By Tim Sandle     Sep 27, 2014 in Science
Using citation statistics, the Thomson Reuters is forecasting which researchers are likely to take home science’s top honors this year: the Nobel Prizes.
The Nobel Prize refers to a set of annual international awards bestowed in a number of categories by Swedish and Norwegian committees in recognition of cultural and/or scientific advances. The prizes are generally regarded as the most prestigious in the world.
This year's prizes are set to be announced during October (6 - 13th). As part of the build up, many have been speculating who will win the main prizes. Among those participating in the guessing game is the information resource provider Thomson Reuters. For this, Thomson Reuters has released the names of its latest batch of “Citation Laureates.” Essentially, the science publisher has looked at research published and seen which studies have received the most citations during the year.
According to The Scientist, since it began this annual exercise in 2002, the publisher has correctly picked 36 Nobel Laureates out of the 211 total names it has put forth, though not all of the Citation Laureates became Nobelists in the same year they made the company’s cut.
These are the 2014 Citation Laureates in Physiology or Medicine:
Rockefeller University’s James Darnell, professor emeritus, and Robert Roeder, professor, as well as UC Berkeley biochemist Robert Tjian for “fundamental discoveries concerning eukaryotic transcription and gene regulation.”
David Julius, a molecular biologist at the University of California, San Francisco, for “elucidating molecular mechanisms of pain sensation.”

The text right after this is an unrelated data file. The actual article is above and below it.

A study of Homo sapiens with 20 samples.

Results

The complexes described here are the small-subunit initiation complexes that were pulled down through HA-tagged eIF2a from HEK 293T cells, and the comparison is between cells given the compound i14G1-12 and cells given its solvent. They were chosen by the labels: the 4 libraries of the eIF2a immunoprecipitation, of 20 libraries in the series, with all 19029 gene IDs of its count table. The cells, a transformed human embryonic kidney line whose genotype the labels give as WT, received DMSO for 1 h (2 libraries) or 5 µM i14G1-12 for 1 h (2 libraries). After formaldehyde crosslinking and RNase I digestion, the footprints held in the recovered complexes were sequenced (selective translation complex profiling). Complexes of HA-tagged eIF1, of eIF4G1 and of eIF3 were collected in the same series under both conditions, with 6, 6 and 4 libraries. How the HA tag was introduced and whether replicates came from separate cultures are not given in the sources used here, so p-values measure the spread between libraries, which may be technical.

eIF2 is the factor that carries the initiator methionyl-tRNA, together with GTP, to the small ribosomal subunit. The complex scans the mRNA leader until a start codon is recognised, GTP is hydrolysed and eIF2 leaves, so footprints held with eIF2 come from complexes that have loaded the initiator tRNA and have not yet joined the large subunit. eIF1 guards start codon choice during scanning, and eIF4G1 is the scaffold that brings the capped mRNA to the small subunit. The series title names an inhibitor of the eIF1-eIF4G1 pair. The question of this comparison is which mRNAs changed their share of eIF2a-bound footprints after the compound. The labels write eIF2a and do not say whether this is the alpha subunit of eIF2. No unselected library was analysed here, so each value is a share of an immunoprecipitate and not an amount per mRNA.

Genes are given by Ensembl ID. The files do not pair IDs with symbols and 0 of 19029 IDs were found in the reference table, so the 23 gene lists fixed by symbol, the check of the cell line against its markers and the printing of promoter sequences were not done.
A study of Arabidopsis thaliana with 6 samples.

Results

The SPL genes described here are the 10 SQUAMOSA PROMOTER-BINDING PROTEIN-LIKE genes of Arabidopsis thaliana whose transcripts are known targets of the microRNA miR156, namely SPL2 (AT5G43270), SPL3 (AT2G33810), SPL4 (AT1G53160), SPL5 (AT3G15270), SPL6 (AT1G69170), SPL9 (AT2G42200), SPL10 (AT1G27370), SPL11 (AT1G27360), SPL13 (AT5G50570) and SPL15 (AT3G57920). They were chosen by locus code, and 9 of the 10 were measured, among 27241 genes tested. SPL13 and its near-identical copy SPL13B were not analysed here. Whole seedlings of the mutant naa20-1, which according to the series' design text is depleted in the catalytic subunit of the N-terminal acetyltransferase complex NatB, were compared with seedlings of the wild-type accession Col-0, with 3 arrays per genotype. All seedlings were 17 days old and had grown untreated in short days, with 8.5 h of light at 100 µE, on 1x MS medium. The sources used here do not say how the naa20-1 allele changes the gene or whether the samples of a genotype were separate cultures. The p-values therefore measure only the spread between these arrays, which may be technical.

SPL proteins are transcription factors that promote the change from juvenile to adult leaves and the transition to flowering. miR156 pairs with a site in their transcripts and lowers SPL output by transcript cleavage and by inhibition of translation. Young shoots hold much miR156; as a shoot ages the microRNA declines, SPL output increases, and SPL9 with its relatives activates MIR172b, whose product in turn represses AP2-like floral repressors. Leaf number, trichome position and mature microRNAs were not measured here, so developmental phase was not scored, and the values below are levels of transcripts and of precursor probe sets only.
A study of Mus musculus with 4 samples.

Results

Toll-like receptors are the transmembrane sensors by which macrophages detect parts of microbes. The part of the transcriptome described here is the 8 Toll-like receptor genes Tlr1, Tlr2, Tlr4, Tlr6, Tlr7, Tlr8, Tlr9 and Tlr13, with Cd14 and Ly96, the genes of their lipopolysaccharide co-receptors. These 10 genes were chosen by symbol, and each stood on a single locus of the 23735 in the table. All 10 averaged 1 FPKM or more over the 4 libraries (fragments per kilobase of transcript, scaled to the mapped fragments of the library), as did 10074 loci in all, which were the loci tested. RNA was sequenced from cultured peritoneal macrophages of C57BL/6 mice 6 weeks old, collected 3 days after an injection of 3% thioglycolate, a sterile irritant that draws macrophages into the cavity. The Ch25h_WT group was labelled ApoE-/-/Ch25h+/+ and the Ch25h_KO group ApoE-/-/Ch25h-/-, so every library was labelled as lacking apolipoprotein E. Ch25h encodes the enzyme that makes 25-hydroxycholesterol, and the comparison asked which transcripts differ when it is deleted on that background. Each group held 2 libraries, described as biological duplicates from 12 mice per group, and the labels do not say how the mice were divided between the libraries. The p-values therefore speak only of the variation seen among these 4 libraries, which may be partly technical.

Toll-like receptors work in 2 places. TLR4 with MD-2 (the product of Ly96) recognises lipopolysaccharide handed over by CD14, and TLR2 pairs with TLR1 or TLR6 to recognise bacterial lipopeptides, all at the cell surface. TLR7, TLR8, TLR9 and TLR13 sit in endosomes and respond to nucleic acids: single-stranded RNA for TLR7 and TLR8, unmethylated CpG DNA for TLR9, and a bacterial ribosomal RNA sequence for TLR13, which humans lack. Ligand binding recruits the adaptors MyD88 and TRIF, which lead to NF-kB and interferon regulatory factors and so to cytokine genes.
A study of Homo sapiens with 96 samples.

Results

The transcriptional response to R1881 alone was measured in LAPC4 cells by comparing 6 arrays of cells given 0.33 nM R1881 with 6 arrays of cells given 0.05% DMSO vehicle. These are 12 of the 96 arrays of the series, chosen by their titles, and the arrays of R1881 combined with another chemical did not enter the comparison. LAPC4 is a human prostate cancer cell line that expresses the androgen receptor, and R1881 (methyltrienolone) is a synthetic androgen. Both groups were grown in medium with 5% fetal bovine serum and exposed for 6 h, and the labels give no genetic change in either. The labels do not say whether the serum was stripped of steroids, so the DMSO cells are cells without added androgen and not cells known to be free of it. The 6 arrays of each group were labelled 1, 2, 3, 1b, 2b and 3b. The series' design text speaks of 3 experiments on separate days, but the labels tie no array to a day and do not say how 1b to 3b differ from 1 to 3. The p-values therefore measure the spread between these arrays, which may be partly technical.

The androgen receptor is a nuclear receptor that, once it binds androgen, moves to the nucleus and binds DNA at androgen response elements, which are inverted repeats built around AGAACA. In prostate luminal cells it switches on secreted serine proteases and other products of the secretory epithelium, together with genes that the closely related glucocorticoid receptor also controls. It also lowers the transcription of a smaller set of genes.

Scientific Director of the Jackson Laboratory for Genomic Medicine Charles Lee, University of Toronto genomicist Stephen Scherer, and Cold Spring Harbor Laboratory geneticist Michael Wigler for “their discovery of large-scale copy number variation and its association with specific diseases.”
Here are Thomson Reuters’s picks for this year’s prize in Chemisty:
Charles Kresge, chief technology officer at international oil company Saudi Aramco, Korea Advanced Institute of Science and Technology chemist Ryong Ryoo, and UC Santa Barbara researcher Galen Stucky for “design of functional mesoporous materials.”
A trio of researchers at Australia’s Commonwealth Scientific and Industrial Research Organisation (CSIRO): Graeme Moad, Ezio Rizzardo, and San Thang for “development of the reversible addition-fragmentation chain transfer (RAFT) polymerization process.”
University of Rochester chemical engineer Ching Tang and Steven Van Slyke, chief technology officer at Bay Area tech company Kateeva, for “their invention of the organic light emitting diode.”
It will be interesting to see if these predictions are correct in a few weeks time.